The question of ice in summer where thaw prevails in winter, may fairly be considered to have been eliminated from the discussion of such caves as I have seen, in spite of the persistent assertions of some of the peasantry. The observations, however, in caverns in volcanic formations, and in basaltic debris, are so circumstantial that it is impossible to reject them; and in such cases a theory similar to that enunciated by Mr. Scrope seems to be the only one in any way satisfactory, though I have not heard of such marvellous results being produced elsewhere by evaporation. One observer, for instance, of the cavern near the village of Both, in the Eiffel, found a thickness of 3 feet of ice; and in that case it was melting in summer, instead of forming. In some cases it has been suggested that the length of time required for external heat or cold to penetrate through the earth and rock which lie above the caves is sufficient to account for the phenomenon of summer frost and winter thaw. Thus, it is said, the thickness of the superincumbent bed may be such that the heat of summer only gets through to the cave at Christmas, and then produces thaw, while in like manner the greatest cold will reach the cave in mid-summer. But there is a fatal objection to this idea in the fact that the invariable stratum—i.e., the stratum beyond which the annual changes of external temperature are not felt—is reached about 60 feet below the surface in temperate latitudes, while at the tropics such changes are not felt more than a foot below the surface. Humboldt calculated that in the latitude of central France the whole annual variation in temperature at a depth of 30 feet would not amount to more than one degree.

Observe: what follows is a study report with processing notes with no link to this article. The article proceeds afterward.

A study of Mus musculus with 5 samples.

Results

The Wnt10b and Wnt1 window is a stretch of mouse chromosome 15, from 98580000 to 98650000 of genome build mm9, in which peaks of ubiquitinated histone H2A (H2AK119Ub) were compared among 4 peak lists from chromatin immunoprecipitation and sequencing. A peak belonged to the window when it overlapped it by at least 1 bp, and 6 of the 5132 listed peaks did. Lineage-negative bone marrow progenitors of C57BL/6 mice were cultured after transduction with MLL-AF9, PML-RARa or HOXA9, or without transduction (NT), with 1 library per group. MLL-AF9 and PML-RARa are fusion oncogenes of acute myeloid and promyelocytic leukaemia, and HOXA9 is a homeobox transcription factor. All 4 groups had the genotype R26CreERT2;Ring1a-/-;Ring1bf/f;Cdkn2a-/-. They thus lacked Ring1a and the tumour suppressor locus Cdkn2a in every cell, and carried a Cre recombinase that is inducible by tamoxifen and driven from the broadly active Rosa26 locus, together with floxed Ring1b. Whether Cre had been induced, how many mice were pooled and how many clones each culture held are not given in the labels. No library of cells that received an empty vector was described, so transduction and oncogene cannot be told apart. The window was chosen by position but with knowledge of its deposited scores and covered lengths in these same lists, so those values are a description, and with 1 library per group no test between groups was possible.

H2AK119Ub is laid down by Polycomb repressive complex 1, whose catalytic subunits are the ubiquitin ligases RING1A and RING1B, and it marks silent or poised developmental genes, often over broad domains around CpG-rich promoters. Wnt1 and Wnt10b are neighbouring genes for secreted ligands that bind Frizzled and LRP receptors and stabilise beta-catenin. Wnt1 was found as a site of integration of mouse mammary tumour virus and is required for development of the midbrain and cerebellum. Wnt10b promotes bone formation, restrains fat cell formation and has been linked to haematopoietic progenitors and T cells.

[Footnote 174: As Gollut’s phraseology is peculiar, it may be as well to reproduce his account of the cave:—’Je ne veux pas omettre toutefois (puisque je suis en ces eaux) de mettre en memoire la commodite que nature hat done a quelques delicats, puis qu’au fond d’un montagne de Leugne, la glace (glasse in the index), se treuve en este, pour le plaisir de ceux qui aim[e]t a boire frais. Neanmoins dans ce t[e]ps cela se perd, no pour autre raison (ainsi que ie pense) que pour ce que lon hat depouille le dessus de la motagne d’une epoisse et aulte fustaie de bois, qui ne permettoit pas que les raions du soleil vinsent echauffer la terre et deseicher les distillations, que se couloi[e]t iusques au plus bas et plus froid de la montagne: ou (par l’antiperistase) le froid s’epoississoit, et se reserroit, contre les chaleurs, entornantes et environnantes le long de l’este, toute la circonference exterieure du mont.’—_Histoire_, &c., p. 87.]
[Footnote 175: Hist. de l’Acad., t. ii., p. 2.]
[Footnote 176: Hist. de l’Acad., an 1712, p. 20.]
[Footnote 177: C’est a dire—M. Billerez explains—a 10 degres au-dessous du tres-grand froid. What the 60 deg. may be worth, I cannot say.]